Looking Back on Volunteering in a Greek Refugee Camp

Monday July 24, 2017

By Patricia Nyhan

Laurette Bennhold-Samaan returned home recently from a month of volunteering with refugees on the Greek island of Samos. She shares reflections on her experience in the following excerpts from her personal blog.


“When I sit and reflect as to what contribution am I REALLY making, it’s not something grand at all. It’s the conversations, the human interactions and being the listening ear. It’s being open to receiving a hug from a child or giving a nod and warm smile to some of the adults. It’s reassuring them they are safe for now and that others in the world do care and they are not alone.”

“ Samos Volunteers have current long-term refugees with good command of English as Community Liaisons who work closely with us on a daily basis. They translate for us linguistically and culturally. They are involved in every single project.”

“They were asked what has been the hardest part of their journey and their answers ranged from making the decision to actually attempt the life-threatening trip, leaving family unexpectedly, loss of faith in public organizations to total lack of control and certainty about their future.”

“The activities we provide, while very basic in nature (language lessons, arts and crafts, music, fitness) all serve a much deeper level. They help bring normalcy to the refugees’ lives. These activities are intended to help restore dignity and respect, create a social network, develop skills for the future, and give them a sense of identity.”

“Not everyone comes to our activities, and I’m sure many are depressed, anxious, extremely stressed and feel helpless. I can see some of this in their eyes when we serve them tea daily. We were given a training session to look out for changes in mood, lack of interest, poor concentration, PTSD symptoms, self-harm or suicidal thinking. There was a mom a few days ago who tried to commit suicide, we heard.”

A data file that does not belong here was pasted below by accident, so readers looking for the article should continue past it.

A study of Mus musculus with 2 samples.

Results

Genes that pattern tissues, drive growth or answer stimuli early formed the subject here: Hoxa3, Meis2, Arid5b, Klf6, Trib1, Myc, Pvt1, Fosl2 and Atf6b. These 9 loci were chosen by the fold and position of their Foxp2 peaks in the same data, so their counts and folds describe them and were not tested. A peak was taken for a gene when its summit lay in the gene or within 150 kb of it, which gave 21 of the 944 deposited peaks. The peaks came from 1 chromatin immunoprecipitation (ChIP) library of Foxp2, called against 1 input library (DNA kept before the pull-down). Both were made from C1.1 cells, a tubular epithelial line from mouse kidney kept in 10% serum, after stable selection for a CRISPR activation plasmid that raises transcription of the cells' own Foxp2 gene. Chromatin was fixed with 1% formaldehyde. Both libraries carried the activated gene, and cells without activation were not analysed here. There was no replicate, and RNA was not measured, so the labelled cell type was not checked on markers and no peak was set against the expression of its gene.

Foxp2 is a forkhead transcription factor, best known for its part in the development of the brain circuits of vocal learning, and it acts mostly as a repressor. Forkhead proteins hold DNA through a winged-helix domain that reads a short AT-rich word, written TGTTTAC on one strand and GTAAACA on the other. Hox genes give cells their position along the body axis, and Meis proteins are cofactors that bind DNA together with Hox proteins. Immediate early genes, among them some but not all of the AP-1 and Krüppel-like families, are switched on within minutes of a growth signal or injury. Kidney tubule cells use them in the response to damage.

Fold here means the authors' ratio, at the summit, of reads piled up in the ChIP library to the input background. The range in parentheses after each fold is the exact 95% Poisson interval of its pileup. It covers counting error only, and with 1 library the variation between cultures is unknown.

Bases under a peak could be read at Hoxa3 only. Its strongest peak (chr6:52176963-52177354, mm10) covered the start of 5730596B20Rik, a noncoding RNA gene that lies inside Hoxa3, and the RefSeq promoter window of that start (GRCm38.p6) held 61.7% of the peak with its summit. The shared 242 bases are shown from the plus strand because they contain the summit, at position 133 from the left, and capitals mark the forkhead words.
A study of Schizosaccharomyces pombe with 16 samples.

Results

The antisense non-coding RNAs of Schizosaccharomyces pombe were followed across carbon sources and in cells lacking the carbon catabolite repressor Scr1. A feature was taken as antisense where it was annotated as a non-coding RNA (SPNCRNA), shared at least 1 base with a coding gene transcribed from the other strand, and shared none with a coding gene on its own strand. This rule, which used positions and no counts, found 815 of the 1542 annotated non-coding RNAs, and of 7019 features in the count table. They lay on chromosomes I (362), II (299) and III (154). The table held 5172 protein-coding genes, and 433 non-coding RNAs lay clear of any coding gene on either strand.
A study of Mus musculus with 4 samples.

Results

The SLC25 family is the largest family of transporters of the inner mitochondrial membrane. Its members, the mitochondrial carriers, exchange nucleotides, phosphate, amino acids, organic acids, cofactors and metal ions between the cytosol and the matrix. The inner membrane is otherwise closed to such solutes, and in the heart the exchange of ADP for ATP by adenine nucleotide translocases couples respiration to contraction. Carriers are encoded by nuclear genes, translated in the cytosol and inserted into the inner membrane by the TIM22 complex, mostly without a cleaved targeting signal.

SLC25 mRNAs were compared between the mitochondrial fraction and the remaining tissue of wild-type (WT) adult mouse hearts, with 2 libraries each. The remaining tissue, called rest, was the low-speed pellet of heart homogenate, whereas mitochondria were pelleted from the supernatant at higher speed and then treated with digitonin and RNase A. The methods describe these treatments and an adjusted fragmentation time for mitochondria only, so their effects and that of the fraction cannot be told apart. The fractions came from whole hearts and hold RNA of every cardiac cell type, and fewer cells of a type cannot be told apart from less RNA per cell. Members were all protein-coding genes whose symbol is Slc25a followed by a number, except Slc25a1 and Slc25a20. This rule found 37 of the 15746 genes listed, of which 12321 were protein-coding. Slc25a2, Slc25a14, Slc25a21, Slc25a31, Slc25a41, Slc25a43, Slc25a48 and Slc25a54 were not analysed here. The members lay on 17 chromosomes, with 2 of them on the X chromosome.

“Here is a list of things I won’t miss and what I will miss!

10 things I won’t miss:

  1. Kids fighting
  2. Washing my clothes in the shower
  3. Spotty internet
  4. Trash bins next to the toilet
  5. Way too narrow roads for me to drive
  6. Driving for 20 min up hills in first gear
  7. Cigarette smoke
  8. The look of desperation
  9. Barbed wire around the refugee camp
  10.  The living conditions

10 things I’ll miss:

  1. The refugees, especially the kids
  2. The smiles and conversations with adult refugees
  3. Constant appreciation for all that I have
  4. Conversing about the state of refugee affairs globally
  5. The sense of helping, however small
  6. Poster-like views of the ocean and sunsets
  7. Olives, baklava, dolmades, stuffed peppers, gyros …
  8. New friends from all over the world
  9. Short-term meaningful purpose
  10. Experiencing immediate individual impact albeit small

“There are those who have gotten asylum status which means they go to Athens and then on to another EU country. Some get jobs immediately and others start the job search. You can barely imagine the immense relief and joy when they learn they have been granted a safe country to legally reside in. This gentleman below got all of his papers plus an amazing job in Athens!”

“I have no doubt that this experience will stay with me forever. One can never “go back” from such an intense experience without being changed in some way. I will need to figure out how, and which parts to incorporate into my life.

Do I want to go home? No, not yet….but then I pause… I am so fortunate to have a “home” and to be able to go back. Refugees do not.”

Note:  The Samos refugee camp is funded by the United Nations Refugee Agency and Samaritan’s Purse.  Samos Volunteers is a privately funded organization working with partners on the island. Some volunteers stay for a month, most much longer, and most are returnees. Some come with their parents or their kids. Many are in their 20s and 30s, but there are some older volunteers, like me. — Laurette

Read about the early days of Laurette’s adventure in our blog post of June 19, 2017.

To read her blog in its entirety, go to: https://medium.com/@laurettebennhold/laurette-bennhold-samaan-in-samos-greece-working-with-refugees-3ea5c56da27e

 Laurette Bennhold-Samaan was a cross-cultural specialist with the Peace Corps in Washington, D.C., 1994-2001.